A person affected by
myasthenia gravis may have difficulty in climbing stairs or rising
from chairs. Simple actions like lifting things or raising his arms
over his head may be tests of strength for him. His speech may begin
to sound nasal, since all the lower facial muscles may be involved.
Usually, the muscles that are first affected are those concerned
with eye movements, facial expressions, chewing, swallowing and
respiration. The person may have to support his chin with one hand
in order that he may be able to talk. There could be double vision,
drooping eyelids and eye wandering.
From the face, the
disease spreads to the neck, trunk and limb muscles. Weakness in the
neck may be mild or severe. It can be so severe that the person may
have difficulty holding his head erect. The heart usually remains
unaffected. The person may have respiratory problems. Respiratory
arrest may happen in very severe cases.
What happens is that the
muscles first fail to contract after prolonged use. They appear to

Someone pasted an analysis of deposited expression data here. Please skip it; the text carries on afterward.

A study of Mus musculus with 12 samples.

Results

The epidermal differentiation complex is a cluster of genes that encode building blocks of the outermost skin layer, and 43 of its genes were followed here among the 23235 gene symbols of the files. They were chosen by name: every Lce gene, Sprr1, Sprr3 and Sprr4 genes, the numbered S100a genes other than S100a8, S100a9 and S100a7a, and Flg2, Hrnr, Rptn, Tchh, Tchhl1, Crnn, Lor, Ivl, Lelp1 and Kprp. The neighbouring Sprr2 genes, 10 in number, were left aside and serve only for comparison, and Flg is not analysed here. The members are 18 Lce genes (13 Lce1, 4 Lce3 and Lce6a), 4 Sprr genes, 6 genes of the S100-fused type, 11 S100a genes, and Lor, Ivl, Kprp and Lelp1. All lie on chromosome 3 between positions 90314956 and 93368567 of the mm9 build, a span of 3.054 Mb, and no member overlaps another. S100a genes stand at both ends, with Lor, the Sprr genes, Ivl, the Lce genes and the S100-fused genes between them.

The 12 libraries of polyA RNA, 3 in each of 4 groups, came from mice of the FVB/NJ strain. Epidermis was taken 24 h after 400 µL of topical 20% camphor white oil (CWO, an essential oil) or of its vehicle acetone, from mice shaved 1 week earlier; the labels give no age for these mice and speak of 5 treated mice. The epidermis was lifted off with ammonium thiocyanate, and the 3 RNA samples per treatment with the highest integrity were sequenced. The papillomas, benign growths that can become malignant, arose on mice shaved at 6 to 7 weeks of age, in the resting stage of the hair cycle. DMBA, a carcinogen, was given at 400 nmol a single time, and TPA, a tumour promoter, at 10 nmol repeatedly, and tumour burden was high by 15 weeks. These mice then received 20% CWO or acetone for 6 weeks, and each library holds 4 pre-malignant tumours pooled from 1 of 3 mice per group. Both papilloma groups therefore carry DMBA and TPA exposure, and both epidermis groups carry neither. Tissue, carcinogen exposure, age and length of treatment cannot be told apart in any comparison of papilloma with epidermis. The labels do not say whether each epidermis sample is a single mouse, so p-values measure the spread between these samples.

become weaker with repeated mild activities but seemingly regain
strength after rest. Eventually, muscular paralysis may result, with
degeneration of muscle fibers and infiltration of lymph cells.
When can it occur?
Myasthenia gravis can occur at any age. However, it is rare that
it sets in before age ten or after age seventy. Usually women are
more prone to it than men and it has been noted that the condition
is more prevalent in some families. Some symptoms may set in
suddenly, while some symptoms may remain in a person for twenty
years or so without any marked worsening. The latter is true in the
case of visual problems such as double vision and drooping eyelids.
Since myasthenia gravis is an autoimmune disorder where the
linkage between stimulus and response is broken, treatment includes
drugs that stimulate the transmission of nerve impulses. In very
severe cases, surgery is advised for removal of the thymus, if there
is thyroid tumor. Although death may result from sudden respiratory arrest, myasthenia gravis is not a fatal disease.